Decline in tobacco not to happen under PNoy admin
By Carlo P. Mallo |

With a chain-smoking president running the country, becoming a “sunset industry” should be the last thing to happen to the tobacco industry, at least not in the next five years of the presidency of Benigno ‘Noynoy’ Aquino III.

National Tobacco Administration chief Edgardo D. Zaragoza thinks so too.

“We cannot deny that the Philippines is a signatory to the World Health Organization Framework Convention on Tobacco Control that provides for a gradual elimination of tobacco because of health concerns. It is ironic because despite regulations in the US and Europe, it appears there is still growing demand for tobacco,” Zaragoza said.

In the past eight years, despite government efforts to curb tobacco consumption, the value of tobacco production has actually increased by 20 percent in the past eight years. From an estimated 74 million kilos in the 2010 cropping season, production has increased to about 77 million kilos in 2011, and is expected to further increase to 80 million kilos in 2012, data from the NTA showed.

A table provided by the NTA’s regulation department on the estimated tobacco production for crop year 2010-2011 reveals that the country has produced 43 million kilos of Virginia tobacco, worth P3.096 billion; 20 million kilos of burley, worth P1.36 billion; and 14 million kilos of native tobacco, worth P588 million. The estimated totals amount to 77 million kilograms, equivalent to P5.044 billion.

Volume of tobacco produced in crop year 2010 totalled 73.756 million kilograms, which showed a 26 percent increase compared to the 2009 volume of 58.571 million kilograms. In terms of value, this is equivalent to a 20 percent increase, from P4.024 billion in 2009 to P4.846 billion in 2010.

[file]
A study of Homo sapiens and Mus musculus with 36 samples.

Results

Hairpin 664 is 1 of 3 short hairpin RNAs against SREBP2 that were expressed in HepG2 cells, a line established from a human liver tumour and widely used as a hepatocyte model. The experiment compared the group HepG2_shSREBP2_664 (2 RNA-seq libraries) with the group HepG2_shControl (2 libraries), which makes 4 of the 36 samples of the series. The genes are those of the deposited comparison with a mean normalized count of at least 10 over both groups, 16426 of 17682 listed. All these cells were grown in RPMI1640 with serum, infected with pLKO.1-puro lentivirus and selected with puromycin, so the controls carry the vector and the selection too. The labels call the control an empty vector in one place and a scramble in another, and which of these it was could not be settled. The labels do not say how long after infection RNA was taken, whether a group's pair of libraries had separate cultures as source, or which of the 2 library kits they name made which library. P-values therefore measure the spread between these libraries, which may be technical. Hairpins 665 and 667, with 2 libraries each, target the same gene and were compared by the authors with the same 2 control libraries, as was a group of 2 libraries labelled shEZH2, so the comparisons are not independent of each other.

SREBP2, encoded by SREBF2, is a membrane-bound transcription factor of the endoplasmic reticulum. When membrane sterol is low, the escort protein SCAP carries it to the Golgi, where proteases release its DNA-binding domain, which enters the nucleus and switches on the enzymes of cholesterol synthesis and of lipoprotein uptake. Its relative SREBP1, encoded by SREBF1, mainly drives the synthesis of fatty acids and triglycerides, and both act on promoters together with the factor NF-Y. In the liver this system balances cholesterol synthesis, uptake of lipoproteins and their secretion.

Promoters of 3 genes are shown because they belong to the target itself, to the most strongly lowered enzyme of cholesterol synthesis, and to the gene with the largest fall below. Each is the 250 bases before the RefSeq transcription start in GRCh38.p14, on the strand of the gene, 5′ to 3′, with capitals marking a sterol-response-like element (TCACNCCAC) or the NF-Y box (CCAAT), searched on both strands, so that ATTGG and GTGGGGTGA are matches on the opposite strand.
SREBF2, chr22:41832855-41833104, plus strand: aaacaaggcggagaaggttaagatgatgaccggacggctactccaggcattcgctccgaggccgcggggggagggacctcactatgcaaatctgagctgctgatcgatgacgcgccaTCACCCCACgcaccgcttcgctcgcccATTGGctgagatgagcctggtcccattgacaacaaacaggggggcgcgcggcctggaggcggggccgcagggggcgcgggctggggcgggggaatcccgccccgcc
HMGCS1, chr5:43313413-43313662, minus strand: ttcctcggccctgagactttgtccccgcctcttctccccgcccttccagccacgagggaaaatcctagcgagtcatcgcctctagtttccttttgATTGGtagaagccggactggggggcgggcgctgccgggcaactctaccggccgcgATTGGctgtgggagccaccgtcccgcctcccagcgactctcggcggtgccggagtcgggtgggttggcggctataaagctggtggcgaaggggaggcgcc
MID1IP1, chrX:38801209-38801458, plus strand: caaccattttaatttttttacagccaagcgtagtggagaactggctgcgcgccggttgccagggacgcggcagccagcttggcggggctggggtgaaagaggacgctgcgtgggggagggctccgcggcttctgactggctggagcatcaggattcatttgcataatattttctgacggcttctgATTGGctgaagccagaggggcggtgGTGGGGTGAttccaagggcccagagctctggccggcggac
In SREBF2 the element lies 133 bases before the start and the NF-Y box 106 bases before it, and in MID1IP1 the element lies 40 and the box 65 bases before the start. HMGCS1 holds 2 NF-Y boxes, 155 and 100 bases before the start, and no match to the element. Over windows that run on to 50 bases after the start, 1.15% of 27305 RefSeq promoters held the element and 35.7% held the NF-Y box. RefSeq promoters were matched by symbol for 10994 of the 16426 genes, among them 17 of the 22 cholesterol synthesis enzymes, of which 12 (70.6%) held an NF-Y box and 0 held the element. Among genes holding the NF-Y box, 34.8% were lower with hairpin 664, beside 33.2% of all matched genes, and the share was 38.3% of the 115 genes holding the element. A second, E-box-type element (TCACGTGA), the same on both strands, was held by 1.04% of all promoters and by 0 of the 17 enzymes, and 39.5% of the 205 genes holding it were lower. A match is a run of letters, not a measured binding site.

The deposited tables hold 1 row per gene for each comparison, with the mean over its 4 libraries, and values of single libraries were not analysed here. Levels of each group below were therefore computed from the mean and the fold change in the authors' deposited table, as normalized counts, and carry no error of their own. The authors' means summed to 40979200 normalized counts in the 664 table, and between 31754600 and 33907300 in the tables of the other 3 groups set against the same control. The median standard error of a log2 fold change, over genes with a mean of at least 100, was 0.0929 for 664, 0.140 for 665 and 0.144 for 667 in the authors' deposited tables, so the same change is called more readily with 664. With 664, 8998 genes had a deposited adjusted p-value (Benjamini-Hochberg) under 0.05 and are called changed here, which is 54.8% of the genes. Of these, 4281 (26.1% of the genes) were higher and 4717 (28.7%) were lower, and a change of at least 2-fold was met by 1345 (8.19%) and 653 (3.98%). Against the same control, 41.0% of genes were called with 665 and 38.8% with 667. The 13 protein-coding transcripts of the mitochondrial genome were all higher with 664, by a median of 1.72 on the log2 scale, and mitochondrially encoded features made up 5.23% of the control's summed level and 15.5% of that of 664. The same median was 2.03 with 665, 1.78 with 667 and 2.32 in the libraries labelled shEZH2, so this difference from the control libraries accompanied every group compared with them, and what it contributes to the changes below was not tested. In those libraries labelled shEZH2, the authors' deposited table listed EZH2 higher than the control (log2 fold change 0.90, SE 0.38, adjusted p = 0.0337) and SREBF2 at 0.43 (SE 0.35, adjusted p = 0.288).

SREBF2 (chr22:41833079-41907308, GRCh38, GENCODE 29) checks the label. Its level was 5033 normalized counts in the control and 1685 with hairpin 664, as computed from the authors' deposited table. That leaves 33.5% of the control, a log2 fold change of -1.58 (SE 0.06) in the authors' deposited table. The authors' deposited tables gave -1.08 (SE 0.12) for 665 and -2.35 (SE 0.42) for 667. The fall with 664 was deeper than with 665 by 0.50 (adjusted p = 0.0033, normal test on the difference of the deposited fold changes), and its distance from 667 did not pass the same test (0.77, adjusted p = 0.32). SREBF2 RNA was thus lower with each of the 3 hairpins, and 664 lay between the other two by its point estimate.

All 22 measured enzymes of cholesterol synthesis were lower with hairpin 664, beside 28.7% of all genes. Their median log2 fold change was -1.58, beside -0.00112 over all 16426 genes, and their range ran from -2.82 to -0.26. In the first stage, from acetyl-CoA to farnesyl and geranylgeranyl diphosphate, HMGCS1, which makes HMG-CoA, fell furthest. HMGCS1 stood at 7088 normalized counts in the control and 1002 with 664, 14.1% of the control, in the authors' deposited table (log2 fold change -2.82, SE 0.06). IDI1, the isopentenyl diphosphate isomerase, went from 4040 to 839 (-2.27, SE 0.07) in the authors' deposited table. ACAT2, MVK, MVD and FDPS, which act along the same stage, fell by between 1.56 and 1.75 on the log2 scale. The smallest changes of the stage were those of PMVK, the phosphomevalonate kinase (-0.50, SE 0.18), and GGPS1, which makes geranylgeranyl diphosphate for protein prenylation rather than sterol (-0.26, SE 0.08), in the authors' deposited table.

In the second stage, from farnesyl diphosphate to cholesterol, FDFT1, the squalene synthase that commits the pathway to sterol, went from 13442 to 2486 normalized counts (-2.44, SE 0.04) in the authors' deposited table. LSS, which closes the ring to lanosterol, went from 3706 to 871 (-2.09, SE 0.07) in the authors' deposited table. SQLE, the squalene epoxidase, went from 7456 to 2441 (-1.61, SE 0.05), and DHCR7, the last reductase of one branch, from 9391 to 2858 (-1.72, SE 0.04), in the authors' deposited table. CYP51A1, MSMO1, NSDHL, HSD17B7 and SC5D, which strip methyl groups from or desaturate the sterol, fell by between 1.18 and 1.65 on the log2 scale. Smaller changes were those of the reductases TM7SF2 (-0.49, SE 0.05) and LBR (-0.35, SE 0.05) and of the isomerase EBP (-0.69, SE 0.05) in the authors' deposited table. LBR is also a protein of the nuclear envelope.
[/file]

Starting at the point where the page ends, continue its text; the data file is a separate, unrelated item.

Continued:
Of these figures, Zaragoza said tobacco farmers have contributed over P34 billion in taxes to the government, with tobacco traders and cigarette manufacturers contributing about four percent to revenues being collected by the Bureau of Internal Revenue.

Zaragoza added there is a worldwide glut for tobacco and tobacco products, but the demand for Philippine tobacco continues to increase because of the high quality it offers. He said over 45 percent of the country’s tobacco production are being exported.

The world’s largest cigarette manufacturer, Phillip Morris, and the world’s largest tobacco dealer, Universal Leaf, believe the country’s tobacco market will continue to be viable in the next five years, Zaragoza said.

Amidst strong moves from the government to curb smoking, Zaragoza vowed to establish financial stability for the agency amidst declining budget allocations and subsidies from the government.

He said the agency shall continue to uphold the welfare of 50,000 direct farmers who still engage in tobacco growing, and over 600,000 other individuals benefitting from the industry.